A report released Tuesday warns that the recent trend of cuts in state funding for higher education not only harms the quality of student education but also poses a risk to state economies.
The report, published by the left-leaning think tank Center on Budget and Policy Priorities, encourages states to reverse the trend of diminishing funding for institutions of higher education by raising revenue through taxes.
According to the report, states across the nation are spending an average of 28 percent, or $2,353, less per student than when the recession hit in 2008. Wyoming and North Dakota are the only states that have increased per-student state funding for education since 2008.
“Sharp increases in tuition have accelerated longer-term trends of reducing college affordability and shifting costs from states to students,” the report stated.
Funding cuts to the UC and CSU systems have a twofold effect on the state’s economy, according to Hans Johnson, co-director of research at the Public Policy Institute of California. Enrollment caps that restrict access to a college degree not only reduce the supply of skilled labor but also lead to more widespread unemployment, straining government welfare programs, he said.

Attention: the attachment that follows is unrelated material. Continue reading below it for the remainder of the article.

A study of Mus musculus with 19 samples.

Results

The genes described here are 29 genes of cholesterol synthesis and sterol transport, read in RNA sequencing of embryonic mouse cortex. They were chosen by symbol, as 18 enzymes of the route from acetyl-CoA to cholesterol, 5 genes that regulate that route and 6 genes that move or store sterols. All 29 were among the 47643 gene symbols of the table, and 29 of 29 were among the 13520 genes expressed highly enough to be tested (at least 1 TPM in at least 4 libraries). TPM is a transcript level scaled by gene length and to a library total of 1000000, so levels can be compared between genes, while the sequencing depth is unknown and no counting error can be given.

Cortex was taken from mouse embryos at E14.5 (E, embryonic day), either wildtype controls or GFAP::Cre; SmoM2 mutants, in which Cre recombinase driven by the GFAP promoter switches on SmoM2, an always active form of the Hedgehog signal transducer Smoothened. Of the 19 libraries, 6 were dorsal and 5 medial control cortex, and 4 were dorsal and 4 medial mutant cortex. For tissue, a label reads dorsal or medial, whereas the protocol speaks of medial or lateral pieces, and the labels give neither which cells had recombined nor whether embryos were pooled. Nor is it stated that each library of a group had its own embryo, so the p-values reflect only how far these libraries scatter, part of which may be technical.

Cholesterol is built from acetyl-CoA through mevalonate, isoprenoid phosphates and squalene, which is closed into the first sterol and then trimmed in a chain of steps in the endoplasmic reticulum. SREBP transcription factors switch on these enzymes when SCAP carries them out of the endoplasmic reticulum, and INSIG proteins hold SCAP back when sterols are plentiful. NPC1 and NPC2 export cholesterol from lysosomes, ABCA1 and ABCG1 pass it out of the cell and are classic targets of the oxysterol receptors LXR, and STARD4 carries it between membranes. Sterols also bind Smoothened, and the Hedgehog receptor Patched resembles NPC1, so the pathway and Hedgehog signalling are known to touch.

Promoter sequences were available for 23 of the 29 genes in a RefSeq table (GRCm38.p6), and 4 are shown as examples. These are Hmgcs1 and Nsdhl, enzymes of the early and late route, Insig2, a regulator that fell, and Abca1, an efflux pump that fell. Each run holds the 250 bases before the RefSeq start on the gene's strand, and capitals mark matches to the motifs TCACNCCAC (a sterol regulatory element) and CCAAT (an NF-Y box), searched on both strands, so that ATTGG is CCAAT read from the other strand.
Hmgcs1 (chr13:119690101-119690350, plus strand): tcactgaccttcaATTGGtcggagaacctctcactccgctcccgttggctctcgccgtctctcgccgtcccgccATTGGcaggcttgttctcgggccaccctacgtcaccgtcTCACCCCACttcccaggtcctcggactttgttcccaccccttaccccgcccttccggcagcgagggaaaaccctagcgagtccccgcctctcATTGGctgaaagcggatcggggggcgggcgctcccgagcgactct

“Proposition 30 and a strengthening economic recovery will lead to additional funds for the UC and CSU systems,” Johnson said. “But this is still small compared to the original cuts.”
In the face of continued cuts, Johnson said extensive polling by the PPIC has revealed Californians favor additional funding for higher education.
To cope with shortfalls in funding, officials at California’s four-year public colleges have increased tuition by an average of 72 percent relative to 2008 tuition levels — second only to Arizona’s average increase of 78 percent.
For more than 20 years, state appropriations to universities have steadily declined, although that decline has sharpened since the 2008 recession, according to UC spokesperson Steve Montiel. Currently, the UC system receives only about 11 percent of its total funding from the state.
“This year, we’re getting the same level of funding from the state that we got in 1997, when there were 75,000 fewer students and one less campus,” he said.
But Montiel said that tuition increases have only made up for about a third of the total UC funding shortfall. In recent years, the university has been forced to lay off thousands of employees, reduce salaries, institute statewide furlough programs and cut programs and funding for campus departments.
“We’ve managed to maintain the quality of education on our campuses,” Montiel said. “There’s no doubt about it that increased tuition from out-of-state and international students has helped maintain quality for all students. But there have been programs cut and faculty positions that have gone unfilled.”